Saturday, July 14, 2012

Sport can mean something

Source: Associated Press

Even with the Olympics still to come and a number of other great sports stories that have already happened (who, for example, would ever have believed that a long-term journeyman tennis player, barely able to scratch a living, would, as a wildcard entry, win the Wimbledon doubles title?) I already know what sporting achievement will give me most delight in 2012. It happened yesterday when David Millar won Stage 12 of the Tour de France.
The stage itself was the least of it - a long breakaway, with a small group managing to stay away right to the end is worth cheering but is not in itself enough; such breaks are regularly attempted and each year one or two succeed. Even though David Millar initiated the move and demonstrated his skill at road racing, that is still makes it no more than a very good win,  not a great sporting moment. No those happen when some part of the story of the day transcend the mechanics of the event to make the victory mean more than a win. In this case, in Annonay DavĂ©zieux, it represented redemption.
Even though most people are now aware of the David Millar story it is worth repeating. He started in the sport when the organisation of British cycling was an amateurish shambles and so as a young man he did what all ambitious cyclists had to do: leave for Europe to find a team to learn what professional road racing really was. At that time being professional also meant taking drugs. Although he started off both innocent about their use and against them in principal, he was eventually worn down. He succumbed with an attitude (or internal justification) of “well it just has to be done” and “it is my duty to the team”. It gave him no satisfaction but he thought it was his job and so it was until he was caught, arrested and tried. Publicly humiliated, cast adrift by his team and the sport, he seemed at the time another sad story of someone with great talent destroyed by the dark side of his sport. For most athletes who have been convicted of drug use that is all there is - the end, a simple case of rise and fall. But that is not where it ended for him.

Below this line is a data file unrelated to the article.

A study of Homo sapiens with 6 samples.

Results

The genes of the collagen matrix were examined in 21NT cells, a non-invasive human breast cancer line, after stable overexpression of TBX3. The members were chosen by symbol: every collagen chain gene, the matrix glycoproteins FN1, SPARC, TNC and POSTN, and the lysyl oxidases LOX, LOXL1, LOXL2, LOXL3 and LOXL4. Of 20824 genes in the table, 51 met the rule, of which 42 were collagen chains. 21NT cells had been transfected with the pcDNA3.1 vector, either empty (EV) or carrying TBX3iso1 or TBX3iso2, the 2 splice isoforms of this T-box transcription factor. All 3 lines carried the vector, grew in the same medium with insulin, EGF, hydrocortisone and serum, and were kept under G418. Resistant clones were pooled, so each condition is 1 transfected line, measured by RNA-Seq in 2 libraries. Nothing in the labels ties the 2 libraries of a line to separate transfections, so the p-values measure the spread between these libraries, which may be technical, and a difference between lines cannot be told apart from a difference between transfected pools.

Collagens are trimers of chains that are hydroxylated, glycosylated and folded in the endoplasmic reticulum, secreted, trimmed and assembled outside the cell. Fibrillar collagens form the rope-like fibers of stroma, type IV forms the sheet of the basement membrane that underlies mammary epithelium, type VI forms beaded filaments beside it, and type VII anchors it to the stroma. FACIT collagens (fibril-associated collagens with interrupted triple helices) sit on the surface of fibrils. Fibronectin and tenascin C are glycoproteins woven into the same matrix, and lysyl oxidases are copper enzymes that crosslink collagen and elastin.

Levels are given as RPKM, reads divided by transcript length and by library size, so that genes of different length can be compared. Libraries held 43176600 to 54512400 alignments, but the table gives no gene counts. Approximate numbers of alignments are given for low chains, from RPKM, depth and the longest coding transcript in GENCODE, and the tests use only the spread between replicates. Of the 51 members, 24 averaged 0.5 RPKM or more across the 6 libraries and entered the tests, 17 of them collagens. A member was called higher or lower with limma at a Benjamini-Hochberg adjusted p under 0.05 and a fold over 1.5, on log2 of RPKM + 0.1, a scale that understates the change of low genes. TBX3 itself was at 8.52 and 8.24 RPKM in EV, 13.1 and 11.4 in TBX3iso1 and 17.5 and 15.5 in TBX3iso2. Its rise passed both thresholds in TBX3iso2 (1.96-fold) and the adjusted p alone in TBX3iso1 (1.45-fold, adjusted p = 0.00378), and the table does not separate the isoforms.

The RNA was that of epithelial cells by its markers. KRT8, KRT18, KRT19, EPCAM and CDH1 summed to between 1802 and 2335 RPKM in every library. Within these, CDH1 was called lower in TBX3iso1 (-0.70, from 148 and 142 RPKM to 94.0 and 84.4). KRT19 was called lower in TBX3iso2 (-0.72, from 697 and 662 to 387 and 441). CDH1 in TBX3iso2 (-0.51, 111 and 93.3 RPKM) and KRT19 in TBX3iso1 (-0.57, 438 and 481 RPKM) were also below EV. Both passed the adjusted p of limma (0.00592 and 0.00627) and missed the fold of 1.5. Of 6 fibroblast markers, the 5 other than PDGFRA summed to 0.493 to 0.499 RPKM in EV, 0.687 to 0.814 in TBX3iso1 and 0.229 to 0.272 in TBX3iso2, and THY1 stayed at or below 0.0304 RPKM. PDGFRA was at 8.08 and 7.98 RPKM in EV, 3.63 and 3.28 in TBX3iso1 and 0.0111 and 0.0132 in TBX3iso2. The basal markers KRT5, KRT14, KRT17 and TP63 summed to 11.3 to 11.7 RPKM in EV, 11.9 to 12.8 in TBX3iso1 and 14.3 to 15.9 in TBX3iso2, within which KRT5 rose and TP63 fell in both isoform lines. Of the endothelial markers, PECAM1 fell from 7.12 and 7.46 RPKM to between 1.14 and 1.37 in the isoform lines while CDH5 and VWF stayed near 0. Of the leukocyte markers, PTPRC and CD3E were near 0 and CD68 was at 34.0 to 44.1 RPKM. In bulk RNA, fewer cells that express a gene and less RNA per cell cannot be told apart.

Firstly took full responsibility. He did not hide behind denials, he did not try to claim he knew nothing and it was an inadvertent mistake or other peoples fault. He did not say he was forced into it, he fully admitted what he had done. It was as if he wanted to find once more the integrity he had locked away, and be able to look people in the eye.
He was also aided by friends who would stand by him and nurse him back to mental health on the roads of Britain. Through that he was able to rediscover just how much he loved the sport and it is this love that is at the crux of his recovery. It gave him purpose and a cause: to prove top level cycling could be done clean. After serving his ban he not only pieced together his career he became an advocate. At the time there was a lot of scepticism and an awful lot of people were very absolute in their attitudes, believing that a doper is always a doper and so should always be a pariah. But he faced them head on and never shied away from the issues and in the end his love of the sport earned respect.
That in itself that is redemption enough but somehow a win in the Tour de France 9 years after his last stage win (when he was drugged)  ties everything together and presents it in one glorious moment. He was once lost but he found his way and his exultation in punching the air as he crossed the line spoke more than words.
To me that is what sport is all about: not only the struggle to be your best and define yourself but also the chance to recover and try again if things go wrong or you take a wrong turn. There is always hope,  the hope, that this time things will work out. There maybe stark outlines in that there are clear winners and losers but the metaphors and lessons can be taken into our, messier, everyday lives. Examples of endurance and will show what we ourselves can achieve in our own, less exalted context. And redemption...We all need stories of redemption. We need to know that nothing is totally lost and that even if things look bleak there is always the chance we can find ourselves again.